This page will provide a list of resources for those interested in understanding the phenomenon of false memory.
In a wide ranging conversation with Dr Lawrence Patihis, Dr Kevin Felstead, the Director of Communications for the BFMS, discusses false memory, repressed memory, the Carol Felstead case, the criminal justice system, and the work of the BFMS.
Research on real and false memories, from the journal ‘Frontiers in Psychology’.
An article from ‘Perspectives on Psychological Science’ analysing the continuing belief in repressed memories.
Summary of research published in the journal ‘Clinical Psychological Science’.
The Guardian’s Max Sanderson explores the malleability of memory with Dr Julia Shaw and Professor Elizabeth Loftus.
A speech given by Elizabeth Loftus at the University College Dublin in 2018.
A detailed report analysing the numerical extent of recovered memories of abuse unearthed during therapy.
Recent research has shown that hypnosis and hypnotic trance may not be what they appear to be. With contributions from a range of experts and patients.
Specialist in research on the accuracy of memory and how false childhood memories can be implanted into patients by therapists, Dr Loftus has been awarded the prize on the grounds of supporting sound science in the public interest, whilst facing difficulty and hostility to her findings.
Dr Julia Shaw’s research on the nature of memory and false memory.
University of Oxford Centre of Criminology research project into the consequences of false accusations on the legally innocent.
An important report by the Royal College of Psychiatrists on recovered memories of childhood sexual abuse. It defines the nature of false memory and recovered memory.
Why people deceive themselves about the errors they make.
An analysis of the failings of forensic psychology in the treatment of prisoners, calling for a return to scientific evidence rather than continuing the current reliance on subjective assessment.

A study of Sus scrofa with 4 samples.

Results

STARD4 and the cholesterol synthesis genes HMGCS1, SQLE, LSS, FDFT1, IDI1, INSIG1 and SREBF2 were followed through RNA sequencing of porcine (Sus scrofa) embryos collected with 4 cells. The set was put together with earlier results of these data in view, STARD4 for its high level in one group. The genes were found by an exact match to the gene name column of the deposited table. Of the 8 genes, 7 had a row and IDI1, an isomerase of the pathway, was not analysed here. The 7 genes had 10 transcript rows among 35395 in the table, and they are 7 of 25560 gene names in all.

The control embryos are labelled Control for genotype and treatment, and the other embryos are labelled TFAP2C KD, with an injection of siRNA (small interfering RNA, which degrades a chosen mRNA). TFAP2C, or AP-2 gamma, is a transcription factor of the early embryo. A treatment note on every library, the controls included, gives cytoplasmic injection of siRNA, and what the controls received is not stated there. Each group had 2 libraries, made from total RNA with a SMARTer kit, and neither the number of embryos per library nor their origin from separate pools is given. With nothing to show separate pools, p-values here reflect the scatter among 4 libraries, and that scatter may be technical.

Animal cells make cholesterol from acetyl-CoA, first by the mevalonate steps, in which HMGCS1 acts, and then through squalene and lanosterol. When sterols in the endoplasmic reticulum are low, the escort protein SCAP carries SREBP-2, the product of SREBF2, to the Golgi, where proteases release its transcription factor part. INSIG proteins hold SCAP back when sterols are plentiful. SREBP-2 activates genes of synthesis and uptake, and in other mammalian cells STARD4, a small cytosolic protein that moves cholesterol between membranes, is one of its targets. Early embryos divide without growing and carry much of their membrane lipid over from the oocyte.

A book authored by a practising criminal law barrister on the current state of the collapsing British legal system.
A dramatised version of the damage recovered memory therapy inflicts on patients and their families.
Mark Pendergrast revisits the subject of repressed memory and debunks the discredited therapy that has destroyed the lives of millions, and continues to do so.
Frederick Crews has written what is probably the most devastating critique of Freud ever published.
The astounding tale of the man who confessed to 36 murders he did not commit. One of the most spectacular cases of false memory ever.
Comprehensive overview of false memory research, aimed at a wide audience including child protective services workers, clinical psychologists, defense attorneys, elementary and secondary teachers, general medical practitioners, journalists, judges, nurses, police investigators, prosecutors, and psychiatrists.
Witness Testimony in Sexual Cases focuses on legal and scientific considerations that arise when obtaining and evaluating sexual complaint testimony.
A new major reference work for criminologists, sociologists, legal researchers and legal professionals, on the controversial issue of wrongful allegations of abuse and victims of untrue allegations.
A critical dissection of Freudian psychoanalysis and the recovered memory movement.
An analysis of the nature and origin of false memories, and the consequences for individuals and families.
Real life accounts of the falsely accused.
The inbuilt bias of the legal system against those accused of historic abuse. Includes articles and case histories.
False memory, misdiagnosis, institutional cover-up, and the origin of the Satanic Abuse Panic in the UK are all part of this groundbreaking book on the Carol Felstead case.
Abused by Therapy debunks an enduring myth dating back to Freud, that certain conditions are nearly always caused by childhood trauma.
Examining false memories and the therapy that creates them, Ofshe and Watters dissect one of the most pressing social and psychological issues of our time.
Explains the theory behind recovered memory therapy, argues that there is no scientific support for the theory, and describes the impact of false memory.
Can human beings completely forget years of traumatic events, only to recall them later? This book explores that question.
Understanding and analysing how trauma is remembered.
Professor Eysenck’s carefully reasoned demolition of Freud and psychoanalysis.
A book examining the origins of the recovered memory movement in Freudian psychoanalytic theory.